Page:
Domestic growth seen lifting Sep quarter earnings at pharma firms

Higher sales of anti-malaria drugs, anti-infectives, respiratory products during monsoon, firm growth in drugs for chronic diseases push up overall domestic market

Photo: Hemant Mishra/Mint
Photo: Hemant Mishra/Mint

Notwithstanding compliance issues and pricing pressures in the US, a pick-up in domestic sales in the September quarter is likely to help the earnings of Indian pharmaceutical companies, with analysts expecting most firms to continue reporting double-digit growth in the subsequent quarters. 

Higher sales of anti-malaria drugs, anti-infectives and respiratory products during the monsoon (when incidences of dengue, malaria, chikungunya, cold and flu, and waterborne infections rise) as well as firm growth in drugs for chronic diseases have pushed up the overall domestic market growth during the quarter, analysts said. 

“The underlying growth continues to remain strong in Indian pharma industry. While the July-September quarter will have a positive impact of seasonality due to monsoons, double digit growth in the industry should more or less continue in subsequent months,” Glenn Saldanha, chairman and managing director of Glenmark Pharmaceuticals Ltd said. 

Companies with a good presence in the acute therapy segment are likely to report robust growth in the domestic market in the September quarter, Emkay Global Financial Services said in its pre-earnings report.

Cipla Ltd and Ipca Laboratories Ltd are expected to be the biggest beneficiaries in this space, the brokerage added. 

According to market research firm AIOCD-AWACS, the Indian pharmaceutical market grew at an average rate of 12.8% in the September quarter against 11.5% in the corresponding period a year ago and 6.4% growth in the June quarter. 

Domestic growth in the June quarter was marred by reduction in prices of products, which are under the government’s price control order, and a ban on the sale of 344 fixed-dose combination (FDC) drugs. 

The government in December expanded the National List of Essential Medicines (NLEM), bringing in 376 drugs under price control from 348 earlier. The NLEM is revised once every three years.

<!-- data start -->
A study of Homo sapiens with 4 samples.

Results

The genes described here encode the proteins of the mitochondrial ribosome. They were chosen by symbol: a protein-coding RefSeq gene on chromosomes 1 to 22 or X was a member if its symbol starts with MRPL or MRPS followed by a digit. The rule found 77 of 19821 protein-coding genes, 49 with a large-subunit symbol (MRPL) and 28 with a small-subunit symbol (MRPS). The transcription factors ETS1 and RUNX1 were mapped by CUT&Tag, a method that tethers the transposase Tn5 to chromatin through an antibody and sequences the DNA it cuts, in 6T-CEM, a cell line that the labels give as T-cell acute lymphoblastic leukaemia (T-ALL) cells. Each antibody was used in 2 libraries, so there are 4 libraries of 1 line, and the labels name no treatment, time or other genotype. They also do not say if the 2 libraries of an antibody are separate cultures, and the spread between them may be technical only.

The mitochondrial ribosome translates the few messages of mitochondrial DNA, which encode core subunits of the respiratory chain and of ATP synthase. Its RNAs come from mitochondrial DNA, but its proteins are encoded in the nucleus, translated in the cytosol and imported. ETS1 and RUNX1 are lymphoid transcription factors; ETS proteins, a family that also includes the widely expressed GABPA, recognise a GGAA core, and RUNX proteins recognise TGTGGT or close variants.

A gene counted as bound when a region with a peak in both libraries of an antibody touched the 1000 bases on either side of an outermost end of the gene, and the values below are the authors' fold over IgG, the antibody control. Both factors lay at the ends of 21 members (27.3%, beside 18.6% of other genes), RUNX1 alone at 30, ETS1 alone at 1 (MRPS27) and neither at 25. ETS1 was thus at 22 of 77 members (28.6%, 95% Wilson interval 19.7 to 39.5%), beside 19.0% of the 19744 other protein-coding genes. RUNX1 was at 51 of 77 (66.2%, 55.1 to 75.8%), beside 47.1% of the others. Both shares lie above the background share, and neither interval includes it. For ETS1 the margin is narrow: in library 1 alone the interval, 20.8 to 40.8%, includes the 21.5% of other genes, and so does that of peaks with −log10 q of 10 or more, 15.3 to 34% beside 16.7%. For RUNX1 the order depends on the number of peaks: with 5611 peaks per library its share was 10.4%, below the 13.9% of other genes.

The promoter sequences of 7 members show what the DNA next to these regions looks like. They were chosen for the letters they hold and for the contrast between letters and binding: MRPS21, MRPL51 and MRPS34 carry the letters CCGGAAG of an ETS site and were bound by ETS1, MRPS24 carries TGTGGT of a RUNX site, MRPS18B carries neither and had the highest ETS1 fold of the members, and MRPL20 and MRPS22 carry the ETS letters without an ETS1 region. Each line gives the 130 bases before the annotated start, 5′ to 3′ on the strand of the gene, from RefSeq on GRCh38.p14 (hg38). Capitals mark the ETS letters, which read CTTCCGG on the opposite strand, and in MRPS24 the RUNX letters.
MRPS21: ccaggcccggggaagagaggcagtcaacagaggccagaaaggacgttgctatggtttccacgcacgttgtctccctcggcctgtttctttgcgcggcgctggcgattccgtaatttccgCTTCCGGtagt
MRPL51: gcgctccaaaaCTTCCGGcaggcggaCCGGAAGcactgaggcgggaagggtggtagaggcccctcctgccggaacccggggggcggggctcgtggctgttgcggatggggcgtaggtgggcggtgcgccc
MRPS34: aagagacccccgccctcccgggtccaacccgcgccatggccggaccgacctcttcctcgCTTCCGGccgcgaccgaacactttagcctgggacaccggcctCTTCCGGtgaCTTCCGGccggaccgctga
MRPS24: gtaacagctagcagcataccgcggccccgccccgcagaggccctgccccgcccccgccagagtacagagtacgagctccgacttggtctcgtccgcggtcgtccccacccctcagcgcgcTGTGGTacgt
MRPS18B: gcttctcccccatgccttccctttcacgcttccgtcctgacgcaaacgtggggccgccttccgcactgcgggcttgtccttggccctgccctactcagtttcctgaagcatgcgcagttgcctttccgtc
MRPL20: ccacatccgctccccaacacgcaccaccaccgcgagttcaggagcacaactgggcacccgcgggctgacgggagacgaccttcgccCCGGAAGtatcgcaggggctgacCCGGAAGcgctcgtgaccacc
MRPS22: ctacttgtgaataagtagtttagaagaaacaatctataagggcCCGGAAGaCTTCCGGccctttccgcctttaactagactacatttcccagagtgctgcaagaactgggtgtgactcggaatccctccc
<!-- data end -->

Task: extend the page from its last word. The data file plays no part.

In March, the government ordered a ban on certain FDC drugs. The Delhi High Court has passed a stay order on the ban and the matter is currently in court. 

Although the industry continues to feel the brunt of these regulatory actions, the impact of these measures on sales in the coming months may not be as severe as it was in the June quarter, analysts and industry officials said. 

Most companies have carried out inventory adjustments for price cuts and taken products off the market that came under the purview of the FDC ban, a senior official at Alkem Laboratories Ltd said, adding that domestic sales growth is likely to improve going forward as companies are launching and aggressively promoting those products that are outside price control. 

The recent improvement in sales has increased optimism that the domestic pharma market will maintain the 10-12% growth rate in the current financial year despite regulatory issues. 

On an annualised basis, the impact of drug price controls on the industry is estimated to be 2-3%, analysts said. 

“The price increase for non-NLEM products up to 10%, volume growth and new product introduction are likely to drive the domestic pharma market. We expect the growth momentum to continue, driven by growing demand in lifestyle segments. The domestic market would grow at ~12% in FY17,” Ranjit Kapadia, analyst at Centrum Broking said in a report. 

However, some believe that the government’s actions have already done the damage and the seasonal growth in the September quarter and a normalised growth rate in the second half of the year will not be able to offset that. 

D.G. Shah, secretary general of industry lobby group Indian Pharmaceutical Alliance, said the domestic market growth rate may slip to high single digits in FY17 due to the price controls and the sudden ban on some FDCs. 

Volume growth may not be able to significantly compensate for the decline in value growth and with the FDC ban and stricter price controls, it is uncertain whether domestic pharma market will continue to grow in double digits, said an analyst, who did not wish to be named. 

“NLEM list has expanded significantly since the original list and with every addition in the list, it has impacted the overall pharma industry... Globally, Indian pharma is the fastest growing industry with consistent double digits growth due to increase in volume growth. We expect the double digits growth to continue in India for next few years,” Glenmark’s Saldanha said. 

While risks related to government policy changes prevail, broader economic growth, rising disposable incomes and increasing affordability for medicines will continue to support the industry’s growth rate of 10-12% witnessed over the last couple of years, analysts said.